Daniel Fulford, Ph.D.
Daniel Fulford, Ph.D., is a research psychologist at the Palo Alto Medical Foundation Research Institute (PAMFRI) and adjunct assistant professor in the Department of Psychiatry at the University of California, San Francisco (UCSF). Prior to joining PAMFRI, Dr. Fulford completed his clinical residency at the VA San Diego Heatlhcare System and research fellowship at UCSF.
An overarching theme of Dr. Fulford’s research centers on the prevention of mental illness. He has conducted clinical and translational research on variables associated with the onset and developmental course of mood disorders and psychosis. Dr. Fulford works to more precisely characterize the role of goal-directed behavior in functional outcomes of individuals across the spectrum of psychopathology—with substantial interest in psychosocial intervention development and implementation—in the hopes of improving quality of life and functioning across a variety of mental health problems.
Dr. Fulford was recently awarded a K12 career development grant by the Agency for Healthcare Research and Quality (AHRQ) to conduct patient-centered outcomes research at PAMFRI. Here he will expand his background in experimental research on mechanisms in psychopathology by applying concepts to the detection and treatment of mental illness in primary care settings, with a particular focus on adolescent and young adult patients.
After receiving his B.A. in psychology at the University of California, Los Angeles (UCLA), Dr. Fulford conducted research examining the effectiveness of evidence-based interventions for youth with depression and anxiety in school settings. He obtained a PhD in clinical psychology at the University of Miami, conducting experimental research on mechanisms of the onset and course of severe mental illnesses, including bipolar disorder and schizophrenia. In addition to his research pursuits, Dr. Fulford is a licensed clinical psychologist in the state of California.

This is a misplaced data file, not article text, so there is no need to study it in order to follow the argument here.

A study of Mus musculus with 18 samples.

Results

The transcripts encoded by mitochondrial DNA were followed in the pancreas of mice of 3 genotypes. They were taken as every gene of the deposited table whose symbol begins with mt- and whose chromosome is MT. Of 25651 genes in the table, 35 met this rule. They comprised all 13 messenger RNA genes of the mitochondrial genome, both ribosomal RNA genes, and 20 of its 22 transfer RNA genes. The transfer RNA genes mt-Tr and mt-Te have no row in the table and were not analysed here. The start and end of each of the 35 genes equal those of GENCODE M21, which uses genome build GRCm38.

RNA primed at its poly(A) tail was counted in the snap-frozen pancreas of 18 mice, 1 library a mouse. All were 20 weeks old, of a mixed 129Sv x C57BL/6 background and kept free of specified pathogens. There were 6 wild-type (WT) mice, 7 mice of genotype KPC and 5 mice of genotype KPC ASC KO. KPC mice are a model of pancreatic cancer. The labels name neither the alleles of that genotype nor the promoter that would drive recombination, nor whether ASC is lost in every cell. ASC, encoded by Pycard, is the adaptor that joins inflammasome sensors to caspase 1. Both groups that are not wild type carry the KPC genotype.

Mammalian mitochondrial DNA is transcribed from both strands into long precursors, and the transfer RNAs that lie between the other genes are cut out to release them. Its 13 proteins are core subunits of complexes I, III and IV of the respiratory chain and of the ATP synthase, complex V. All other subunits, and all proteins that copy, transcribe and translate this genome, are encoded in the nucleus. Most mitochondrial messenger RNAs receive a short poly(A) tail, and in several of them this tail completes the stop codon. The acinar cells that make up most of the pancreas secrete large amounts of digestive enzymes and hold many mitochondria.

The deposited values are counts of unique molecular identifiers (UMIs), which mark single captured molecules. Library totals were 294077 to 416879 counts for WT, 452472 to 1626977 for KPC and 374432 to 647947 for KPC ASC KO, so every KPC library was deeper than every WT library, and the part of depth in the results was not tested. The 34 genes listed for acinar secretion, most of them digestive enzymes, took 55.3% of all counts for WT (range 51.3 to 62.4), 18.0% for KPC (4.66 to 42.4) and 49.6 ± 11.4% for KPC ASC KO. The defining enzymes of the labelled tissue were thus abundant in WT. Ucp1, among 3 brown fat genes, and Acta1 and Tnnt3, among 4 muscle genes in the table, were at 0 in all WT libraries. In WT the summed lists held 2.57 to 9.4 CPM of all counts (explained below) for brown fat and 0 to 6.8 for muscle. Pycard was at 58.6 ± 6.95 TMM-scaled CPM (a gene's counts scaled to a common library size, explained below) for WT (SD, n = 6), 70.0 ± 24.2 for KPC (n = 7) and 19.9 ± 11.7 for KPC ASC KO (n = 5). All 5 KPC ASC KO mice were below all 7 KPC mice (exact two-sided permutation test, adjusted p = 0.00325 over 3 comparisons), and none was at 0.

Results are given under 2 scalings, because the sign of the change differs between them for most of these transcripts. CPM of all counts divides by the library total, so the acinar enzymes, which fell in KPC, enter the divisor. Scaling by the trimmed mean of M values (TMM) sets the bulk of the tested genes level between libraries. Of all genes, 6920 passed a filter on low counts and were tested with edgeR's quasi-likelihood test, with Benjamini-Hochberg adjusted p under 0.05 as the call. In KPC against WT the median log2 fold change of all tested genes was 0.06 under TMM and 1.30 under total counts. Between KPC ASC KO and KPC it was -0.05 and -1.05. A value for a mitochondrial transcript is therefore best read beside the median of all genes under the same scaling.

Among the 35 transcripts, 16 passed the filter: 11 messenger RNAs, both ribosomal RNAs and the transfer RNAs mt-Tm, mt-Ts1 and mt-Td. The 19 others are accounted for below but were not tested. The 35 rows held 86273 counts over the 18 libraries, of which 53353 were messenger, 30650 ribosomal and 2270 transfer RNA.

Fulford D, Peckham A, Johnson K, Johnson SL. Emotion perception and quality of life in bipolar I disorder. Journal of Affective Disorders, 2014; 152-154: 491-497.
Fulford D, Niendam TA, Floyd E, Carter CS, Mathalon DH, Vinogradov S, Stuart BK, Loewy RL. Symptom dimensions and functional impairment in early psychosis: More to the story than just negative symptoms. Schizophrenia Research, 2013; 147: 125-131.
Granholm E, Ben-Zeev D, Fulford D, Swendsen J. Ecological Momentary Assessment of social functioning in schizophrenia: Impact of performance appraisals and affect on social interactions. Schizophrenia Research, 2013; 145: 120-124.
Fulford D, Feldman G, Tabak BA, McGillicuddy M, Johnson SL. Positive affect enhances the association of hypomanic personality and cognitive flexibility. International Journal of Cognitive Therapy, 2013; 6: 1-15.
Johnson SL, Fulford D, Carver CS. The double-edged sword of goal engagement: Consequences of goal pursuit in bipolar disorder. Clinical Psychology and Psychotherapy, 2012; 19: 352-362.
Fulford D, Johnson SL, Llabre MM, Carver CS. Pushing and coasting in dynamic goal pursuit: Coasting is attenuated in bipolar disorder. Psychological Science. 2010; 21:1021-1027.